By Jerome Reuter
An American Crime is a crime drama, about the Sylvia Likens murder case. Unlike The Girl Next Door, it follows the actual events more closely. It even goes so far, as to follow much of the transcripts from the trial of Gertrude Baniszewski. Using the real names of the parties involved, and choosing to stay grounded in reality. (for the most part.)
For those of you unaware with this case, heres a short description. 16 year old Sylvia Likens and her younger sister Jenny, were left in the care of Indianapolis housewife Gertrude Baniszewski. Her parents, who were carnival workers, had trouble providing a stable environment. Sylvia would undergo horrendous and inhumane torture, at the hands of Gertrude. Going so far as to manipulate her children, and others from the neighborhood, to participate in acts of sadism. Sylvia’s short life was claimed by this sadistic abuse, due to malnutrition, shock, and a fatal brain hemorrhage.
Which brings me to the film in question. In my opinion, it didn’t do this case justice. It isn’t a bad film, but it’s not one I would recommend to anyone either. A few of its elements do work in its favor. First off, it follows the case file very accurately. The films opening is a narration by Sylvia, informing the audience that this is her story. Which is something we first saw in Sunset Boulevard, the dead being allowed to give their testimony. We are then swept away of to Gertrude’s trial. This is what the narrative mostly consists of, scenes from the trial and flashbacks to the events in question.
However, the depiction of the case file is this films major downfall. It would be almost impossible to show the full scope of events, without it turning into a snuff film. However, the series of events seem more like a made for TV movie, rather than a serious production. More of Gertrude’s past is touched upon, almost to humanize her more. This hints at the theory that this a never ending cycle of abuse, and she’s a product of her own poor decision making. I had quite an issue with this angle, Gertrude Baniszewski, is one of the most despicable human beings who ever lived. An attempt to make the audience empathize with her, even for a moment, is poor storytelling.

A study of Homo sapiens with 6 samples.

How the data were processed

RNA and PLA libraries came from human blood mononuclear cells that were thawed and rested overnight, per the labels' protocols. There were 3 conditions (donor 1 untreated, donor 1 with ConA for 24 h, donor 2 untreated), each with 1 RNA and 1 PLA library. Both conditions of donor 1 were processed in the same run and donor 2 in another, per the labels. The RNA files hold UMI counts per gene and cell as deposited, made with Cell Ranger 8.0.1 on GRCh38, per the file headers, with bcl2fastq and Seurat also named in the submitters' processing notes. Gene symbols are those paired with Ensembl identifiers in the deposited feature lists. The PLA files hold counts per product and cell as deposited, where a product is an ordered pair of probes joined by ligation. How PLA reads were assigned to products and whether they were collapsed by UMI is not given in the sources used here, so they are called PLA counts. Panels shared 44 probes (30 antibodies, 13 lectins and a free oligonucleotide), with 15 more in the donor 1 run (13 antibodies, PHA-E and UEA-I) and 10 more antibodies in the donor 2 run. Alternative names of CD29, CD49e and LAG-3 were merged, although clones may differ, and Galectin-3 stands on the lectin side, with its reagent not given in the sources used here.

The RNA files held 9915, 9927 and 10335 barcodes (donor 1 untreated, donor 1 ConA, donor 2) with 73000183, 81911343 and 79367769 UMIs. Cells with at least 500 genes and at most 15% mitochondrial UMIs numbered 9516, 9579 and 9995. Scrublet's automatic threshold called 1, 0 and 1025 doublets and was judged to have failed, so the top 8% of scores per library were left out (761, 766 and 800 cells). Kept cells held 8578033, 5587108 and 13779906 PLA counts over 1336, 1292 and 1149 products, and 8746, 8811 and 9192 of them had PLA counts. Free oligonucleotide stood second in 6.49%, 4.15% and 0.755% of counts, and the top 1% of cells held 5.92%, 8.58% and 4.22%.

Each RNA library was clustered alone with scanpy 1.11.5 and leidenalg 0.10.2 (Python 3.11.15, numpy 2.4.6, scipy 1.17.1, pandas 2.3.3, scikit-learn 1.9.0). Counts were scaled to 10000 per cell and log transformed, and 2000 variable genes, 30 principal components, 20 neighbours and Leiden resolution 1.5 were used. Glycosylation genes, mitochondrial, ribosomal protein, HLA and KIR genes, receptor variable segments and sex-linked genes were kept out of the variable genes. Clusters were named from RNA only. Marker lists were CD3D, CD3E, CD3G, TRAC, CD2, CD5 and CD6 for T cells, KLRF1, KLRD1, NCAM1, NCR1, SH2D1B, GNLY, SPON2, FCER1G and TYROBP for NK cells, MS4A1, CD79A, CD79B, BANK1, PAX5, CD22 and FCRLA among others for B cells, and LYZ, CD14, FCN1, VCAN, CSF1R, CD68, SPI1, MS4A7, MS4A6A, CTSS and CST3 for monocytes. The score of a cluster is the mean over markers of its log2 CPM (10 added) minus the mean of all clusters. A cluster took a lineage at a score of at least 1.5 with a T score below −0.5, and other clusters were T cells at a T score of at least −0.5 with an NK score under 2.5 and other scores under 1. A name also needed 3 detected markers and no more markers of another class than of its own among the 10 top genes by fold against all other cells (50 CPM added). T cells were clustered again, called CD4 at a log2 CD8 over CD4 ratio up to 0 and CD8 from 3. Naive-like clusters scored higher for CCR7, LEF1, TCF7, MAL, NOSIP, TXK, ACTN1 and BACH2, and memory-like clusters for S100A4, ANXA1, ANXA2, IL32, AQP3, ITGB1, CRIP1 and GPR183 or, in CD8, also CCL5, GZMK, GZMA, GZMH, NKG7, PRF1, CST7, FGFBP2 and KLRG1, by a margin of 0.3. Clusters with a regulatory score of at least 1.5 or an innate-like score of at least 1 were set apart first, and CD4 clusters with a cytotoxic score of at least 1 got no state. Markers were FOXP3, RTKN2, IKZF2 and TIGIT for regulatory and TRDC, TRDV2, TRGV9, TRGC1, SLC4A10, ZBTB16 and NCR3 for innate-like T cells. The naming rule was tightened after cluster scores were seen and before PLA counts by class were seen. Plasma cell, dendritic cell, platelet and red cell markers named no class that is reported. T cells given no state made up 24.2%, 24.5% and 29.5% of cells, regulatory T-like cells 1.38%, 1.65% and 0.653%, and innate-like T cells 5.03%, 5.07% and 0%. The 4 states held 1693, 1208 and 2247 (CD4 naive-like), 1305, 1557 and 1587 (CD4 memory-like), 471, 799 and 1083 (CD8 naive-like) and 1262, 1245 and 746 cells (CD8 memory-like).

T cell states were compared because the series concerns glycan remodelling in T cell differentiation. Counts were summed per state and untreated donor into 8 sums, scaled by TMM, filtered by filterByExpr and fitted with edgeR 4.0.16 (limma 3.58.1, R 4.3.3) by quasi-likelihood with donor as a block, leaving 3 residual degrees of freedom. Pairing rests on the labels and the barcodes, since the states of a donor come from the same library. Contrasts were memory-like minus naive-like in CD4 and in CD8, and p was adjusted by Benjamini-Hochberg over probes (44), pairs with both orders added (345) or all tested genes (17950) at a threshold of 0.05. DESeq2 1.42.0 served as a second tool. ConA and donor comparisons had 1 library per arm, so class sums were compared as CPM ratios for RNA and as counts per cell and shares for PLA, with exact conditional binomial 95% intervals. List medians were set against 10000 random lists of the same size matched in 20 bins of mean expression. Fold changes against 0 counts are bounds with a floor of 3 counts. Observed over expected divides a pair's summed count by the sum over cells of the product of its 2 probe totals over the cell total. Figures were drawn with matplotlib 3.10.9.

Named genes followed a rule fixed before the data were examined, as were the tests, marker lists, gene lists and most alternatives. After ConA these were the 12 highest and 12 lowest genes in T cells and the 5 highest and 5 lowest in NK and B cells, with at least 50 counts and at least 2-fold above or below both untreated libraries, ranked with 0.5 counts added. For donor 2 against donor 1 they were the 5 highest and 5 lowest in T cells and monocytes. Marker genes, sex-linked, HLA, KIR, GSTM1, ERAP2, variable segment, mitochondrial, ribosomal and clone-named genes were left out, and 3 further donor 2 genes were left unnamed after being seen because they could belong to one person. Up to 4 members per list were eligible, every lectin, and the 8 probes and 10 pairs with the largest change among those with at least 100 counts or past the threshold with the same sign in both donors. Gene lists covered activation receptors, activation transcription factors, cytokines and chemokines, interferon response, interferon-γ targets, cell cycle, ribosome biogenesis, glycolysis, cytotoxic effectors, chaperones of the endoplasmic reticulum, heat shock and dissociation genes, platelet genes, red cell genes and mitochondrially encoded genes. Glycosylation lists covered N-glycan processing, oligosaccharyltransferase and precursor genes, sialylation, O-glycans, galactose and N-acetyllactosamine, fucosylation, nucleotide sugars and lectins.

Although many real life events of the case are depicted, and other times implied, they never have the effect they’re aiming for. Although I’ve stated in several of my reviews that horror is what you don’t see, but this isn’t horror, this is reality. You have a duty to engage your audience, and make them aware of the severity of the situation at hand. The only reason I felt anything while watching this, is because I’m familiar with the original case file. Even the films conclusion felt out of place. It involves a dream sequence with Sylvia’s parents rescuing her. The film then shifts back to reality, and we’re shown that she has died.
This felt a lot like The Exorcism Of Emily Rose. Which itself, was based on the real life exorcism of Anneliese Michel. Taking a true event , and watering it down for easier consumption. This film doesn’t leave a mark, it barely scratches the surface.
Which brings me to my final thoughts on this endeavor. The Girl Next Door, is the superior film. Although Ketchum’s work is not a direct interpretation of fact, it tells the story in a more effective way. It built itself upon the suffering of the victim, and the sadism of the torturer. That was a film that you felt, and wouldn’t soon forget after watching. Aside from all of that, it resinated more with an audience. After all, how guilty would you feel if you were a witness, but did nothing until it was to late?
As the old saying goes, truth is stranger than fiction. The story of Sylvia Likens, is more jarring than any screenwriter could possibly imagine. However, it’s the fictionalized account of her story, that shows us the true face of evil.